Fanie flies into Paralympic 200m final in London | SASCOC - SASCOC

Fanie flies into Paralympic 200m final in London

By Mark Etheridge in London

Defending Paralympic 200-metre track champion Fanie van der Merwe blasted into Friday night’s final with the greatest of ease here.

Van der Merwe ended second in his heat, clocking 23.83 seconds behind Chinese winner Yongbin Lian’s23.78 but the South African clearly eased off the pace in the final 10 metres or so.

“Now I must just give it all my best in the final,” said Van Der Merwe who runs in the T37 class. “It’s a long way off my best time but I felt pretty comfortable.

“Since Beijing my mind is in a much better place and I’m able to stay both relaxed and focused at the the same time.”

Van der Merwe suffers from cerebral palsy meaning that with exertion his body goes into spasms. “I affects the right hand side of my body in the final stages of the race so I must just try and stay relaxed and keep my rhythm and keep upright.”

The Stellenbosch based Van der Merwe’s Paralympic record is 23.84 from Beijing and he set his world record almost a year ago at the All Africa Games in Maputo where he ran 23.10sec.

Van der Merwe was fourth fastest going into Friday night’s final.

Also going through to her final was Anrune Liebenberg. Running the 200m (T46) she blitzed to a personal best and African record 25.79. That was good for second behind Cuban Yunidis Castillo’s 24.81. Liebenberg is second fastest qualifier for Saturdays’ final.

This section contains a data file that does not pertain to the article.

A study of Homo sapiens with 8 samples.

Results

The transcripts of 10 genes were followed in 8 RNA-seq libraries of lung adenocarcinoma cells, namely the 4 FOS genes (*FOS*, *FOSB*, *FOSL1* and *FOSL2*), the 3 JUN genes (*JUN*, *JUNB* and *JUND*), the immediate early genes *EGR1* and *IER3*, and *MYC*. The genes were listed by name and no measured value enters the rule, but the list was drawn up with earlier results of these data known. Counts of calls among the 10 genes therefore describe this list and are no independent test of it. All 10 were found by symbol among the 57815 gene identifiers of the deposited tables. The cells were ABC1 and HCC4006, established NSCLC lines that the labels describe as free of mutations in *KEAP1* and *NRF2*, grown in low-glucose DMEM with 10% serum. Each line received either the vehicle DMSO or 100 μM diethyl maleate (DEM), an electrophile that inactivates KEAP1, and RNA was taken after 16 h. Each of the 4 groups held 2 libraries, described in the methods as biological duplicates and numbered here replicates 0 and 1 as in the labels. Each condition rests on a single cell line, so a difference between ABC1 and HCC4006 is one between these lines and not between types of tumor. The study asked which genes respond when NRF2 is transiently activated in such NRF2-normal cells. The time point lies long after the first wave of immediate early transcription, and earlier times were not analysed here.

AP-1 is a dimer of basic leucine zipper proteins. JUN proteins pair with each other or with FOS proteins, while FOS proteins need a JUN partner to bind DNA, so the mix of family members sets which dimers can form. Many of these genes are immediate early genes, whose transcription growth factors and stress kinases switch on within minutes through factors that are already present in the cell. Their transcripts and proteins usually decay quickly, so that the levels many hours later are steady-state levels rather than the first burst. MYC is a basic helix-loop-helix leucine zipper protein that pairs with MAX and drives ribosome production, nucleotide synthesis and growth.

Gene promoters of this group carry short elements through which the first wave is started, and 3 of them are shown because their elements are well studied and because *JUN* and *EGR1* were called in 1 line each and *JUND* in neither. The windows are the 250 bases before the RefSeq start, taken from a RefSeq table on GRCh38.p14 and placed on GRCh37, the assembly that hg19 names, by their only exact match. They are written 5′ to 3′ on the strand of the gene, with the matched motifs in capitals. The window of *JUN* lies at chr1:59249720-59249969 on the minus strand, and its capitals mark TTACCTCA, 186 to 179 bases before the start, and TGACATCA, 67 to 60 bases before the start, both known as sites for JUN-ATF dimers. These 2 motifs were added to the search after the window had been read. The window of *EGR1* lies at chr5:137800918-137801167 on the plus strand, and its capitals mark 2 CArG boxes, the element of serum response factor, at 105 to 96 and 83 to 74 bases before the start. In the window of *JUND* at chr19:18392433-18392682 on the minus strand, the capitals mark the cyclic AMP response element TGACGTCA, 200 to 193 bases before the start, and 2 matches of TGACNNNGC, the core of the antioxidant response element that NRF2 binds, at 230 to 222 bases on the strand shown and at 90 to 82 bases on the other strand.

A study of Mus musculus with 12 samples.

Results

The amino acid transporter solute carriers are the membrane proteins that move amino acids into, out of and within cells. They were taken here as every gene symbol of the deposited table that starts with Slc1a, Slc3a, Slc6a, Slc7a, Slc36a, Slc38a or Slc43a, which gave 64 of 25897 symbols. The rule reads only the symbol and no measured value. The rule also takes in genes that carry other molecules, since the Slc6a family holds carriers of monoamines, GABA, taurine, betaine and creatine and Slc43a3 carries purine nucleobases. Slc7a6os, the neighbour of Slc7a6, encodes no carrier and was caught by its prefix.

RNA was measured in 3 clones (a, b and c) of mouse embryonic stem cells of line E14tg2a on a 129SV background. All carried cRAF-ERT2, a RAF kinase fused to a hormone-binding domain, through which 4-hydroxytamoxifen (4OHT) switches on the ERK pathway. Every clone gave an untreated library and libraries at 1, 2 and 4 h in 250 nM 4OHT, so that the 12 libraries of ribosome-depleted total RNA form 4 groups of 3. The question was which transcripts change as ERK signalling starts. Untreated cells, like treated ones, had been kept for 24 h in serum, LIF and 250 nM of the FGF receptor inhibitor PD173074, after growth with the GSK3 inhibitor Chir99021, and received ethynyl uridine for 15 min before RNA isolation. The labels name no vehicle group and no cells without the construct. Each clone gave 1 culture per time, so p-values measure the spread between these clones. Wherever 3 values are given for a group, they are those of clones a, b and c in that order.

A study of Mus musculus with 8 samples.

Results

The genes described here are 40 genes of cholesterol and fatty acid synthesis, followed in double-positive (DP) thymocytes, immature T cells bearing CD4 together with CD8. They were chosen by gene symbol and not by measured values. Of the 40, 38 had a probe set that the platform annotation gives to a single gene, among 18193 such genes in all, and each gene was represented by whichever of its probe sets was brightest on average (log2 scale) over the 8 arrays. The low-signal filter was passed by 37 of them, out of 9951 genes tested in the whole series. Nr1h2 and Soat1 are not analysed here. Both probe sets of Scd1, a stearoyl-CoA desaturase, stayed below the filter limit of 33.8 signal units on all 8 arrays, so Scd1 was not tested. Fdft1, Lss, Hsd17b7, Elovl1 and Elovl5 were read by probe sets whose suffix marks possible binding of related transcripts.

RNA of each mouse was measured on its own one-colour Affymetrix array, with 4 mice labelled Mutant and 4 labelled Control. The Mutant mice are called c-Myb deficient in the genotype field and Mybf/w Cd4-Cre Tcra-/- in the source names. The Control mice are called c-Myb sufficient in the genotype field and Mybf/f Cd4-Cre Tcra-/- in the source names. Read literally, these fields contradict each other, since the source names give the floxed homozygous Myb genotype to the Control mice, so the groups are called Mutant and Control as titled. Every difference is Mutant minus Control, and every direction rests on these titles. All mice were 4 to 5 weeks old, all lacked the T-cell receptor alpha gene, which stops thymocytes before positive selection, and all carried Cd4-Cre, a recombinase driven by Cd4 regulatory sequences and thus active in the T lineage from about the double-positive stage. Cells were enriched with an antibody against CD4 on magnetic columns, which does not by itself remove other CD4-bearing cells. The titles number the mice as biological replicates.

“There were a few nerves, but they were good nerves and it was great to run in this spectacular venue,” said Liebenberg.

She was drawn in the outside lane and got off to an ordinary start but she wasn’t concerned. “My start has never been the best and I always say it’s about the person in the lane, not about the lane.”

Until Friday her best time was the 26.46 that she ran in Germany earlier this year.

Born with a stunted left arm with just partially formed digits after her elbow joint, Liebenberg, as do most of the Paralympics, makes light of her disability.

“I painted a smily face on my hand today, just for fun. I’ve called him Pietie, not sure why but that’s his name!”

The first South African in action in an athletics final was Chenelle van Zyl. She took part in the discus (F35/36 class).

She saved her best effort for last, a 24.57m effort which was good to place her sixth overall from 10 competitors. Four of her throws were over 24 metres.